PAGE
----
Challenging his global counterparts to fill the void left by President Donald Trump, Gov. Jerry Brown will convene the world’s climate leaders for an unprecedented summit next year in San Francisco.
Brown, who recently returned from climate talks in China, delivered his invitation to the September 2018 Climate Action Summit via video message Thursday at the Global Citizen Festival in Hamburg, Germany.
The event, on the eve of the G20 Summit attended by Trump and the heads of the world’s 20 largest economic powers, featured remarks by the prime ministers of Canada, Argentina and Norway.
“Come join us – entrepreneurs, singers, musicians, mathematicians, professors, students – we need people that represent the whole world because this is about the whole world and the people who live here,” said Brown, the newly named special adviser for states and regions for the November climate conference in Bonn, Germany.
The summit in San Francisco, coming ahead of the 24th United Nations Framework Convention on Climate Change in Poland, will represent the first time a state has hosted an international climate change conference supporting the Paris accords.
Brown’s summons follows months of discussions between the governor and U.N. climate officials following the climate conference in Paris, which he attended.
“The growing threat of climate change demands an immediate and unified global response,” said Senate President Pro Tem Kevin de León, who had joined in calling for him to assemble world leaders. “California remains committed to a clean energy future and we welcome the responsibility to lead on America’s behalf.”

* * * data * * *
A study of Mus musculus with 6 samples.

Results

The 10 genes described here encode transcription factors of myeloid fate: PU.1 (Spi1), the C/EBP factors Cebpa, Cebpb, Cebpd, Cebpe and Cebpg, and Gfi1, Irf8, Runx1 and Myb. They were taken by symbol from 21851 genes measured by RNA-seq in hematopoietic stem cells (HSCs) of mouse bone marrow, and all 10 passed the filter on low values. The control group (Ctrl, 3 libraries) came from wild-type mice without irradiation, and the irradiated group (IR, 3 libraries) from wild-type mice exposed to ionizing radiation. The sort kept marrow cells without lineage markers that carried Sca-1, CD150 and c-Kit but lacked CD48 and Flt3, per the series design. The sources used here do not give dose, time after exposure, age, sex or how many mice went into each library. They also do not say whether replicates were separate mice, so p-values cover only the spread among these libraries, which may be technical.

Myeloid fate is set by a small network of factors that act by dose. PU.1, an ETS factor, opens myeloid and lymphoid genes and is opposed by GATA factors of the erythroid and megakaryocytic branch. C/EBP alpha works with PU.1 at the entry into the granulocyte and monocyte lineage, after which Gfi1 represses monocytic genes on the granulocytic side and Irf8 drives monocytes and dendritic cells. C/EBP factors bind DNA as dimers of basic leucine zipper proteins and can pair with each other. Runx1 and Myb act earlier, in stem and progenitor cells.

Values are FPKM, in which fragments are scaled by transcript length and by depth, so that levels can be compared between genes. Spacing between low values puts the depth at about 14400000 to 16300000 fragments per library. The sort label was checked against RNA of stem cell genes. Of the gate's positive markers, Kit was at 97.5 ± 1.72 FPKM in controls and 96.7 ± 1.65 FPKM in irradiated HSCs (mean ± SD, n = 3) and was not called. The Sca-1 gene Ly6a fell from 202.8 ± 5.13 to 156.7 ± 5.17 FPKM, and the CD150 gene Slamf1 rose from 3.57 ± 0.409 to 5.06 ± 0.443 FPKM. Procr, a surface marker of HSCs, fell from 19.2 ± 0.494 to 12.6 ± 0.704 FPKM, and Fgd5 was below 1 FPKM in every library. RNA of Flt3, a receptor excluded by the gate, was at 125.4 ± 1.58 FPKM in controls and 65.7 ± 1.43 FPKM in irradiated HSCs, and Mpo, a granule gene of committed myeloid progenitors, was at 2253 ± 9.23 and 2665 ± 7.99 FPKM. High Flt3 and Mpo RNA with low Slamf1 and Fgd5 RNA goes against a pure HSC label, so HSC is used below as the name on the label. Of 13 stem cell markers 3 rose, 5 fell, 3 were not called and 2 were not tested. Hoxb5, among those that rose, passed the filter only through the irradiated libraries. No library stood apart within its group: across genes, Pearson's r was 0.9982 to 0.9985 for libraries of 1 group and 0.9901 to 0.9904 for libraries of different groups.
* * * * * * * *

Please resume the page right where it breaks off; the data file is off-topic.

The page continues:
The announcement comes amid a flurry of climate-focused activity by the four-term Democrat, who is using his remaining months in office to draw deepening contrasts with Trump and the federal government on the need to act swiftly on climate change.
Last month, Brown savaged Trump’s decision to vacate the Paris climate accord as “insane” and “deviant” before joining with like-minded governors from around the country to form an alliance to uphold the agreement and pursue immediate action on climate change.
“Donald Trump has absolutely chosen the wrong course. California’s economy and America’s economy are boosted by following the Paris Agreement,” Brown said after Trump’s withdrawal from a pact with nearly 200 counties, putting the U.S. in the company of Syria and Nicaragua. “California will resist because his effort is misguided. I would even say this is an insane move.”
Recently, Brown joined the leaders of Baden-Württemberg, Catalonia and South Australia in urging the G20 to reaffirm its support for carrying out the Paris accords, as well as to recognize the role of states, regions and cities in tackling the climate challenge. At the state Capitol, he is in the middle of difficult negotiations with the Democratic-dominated Legislature to extend the cap-and-trade system, which is seen as central to meeting the state’s ambitious greenhouse-gas reduction goals.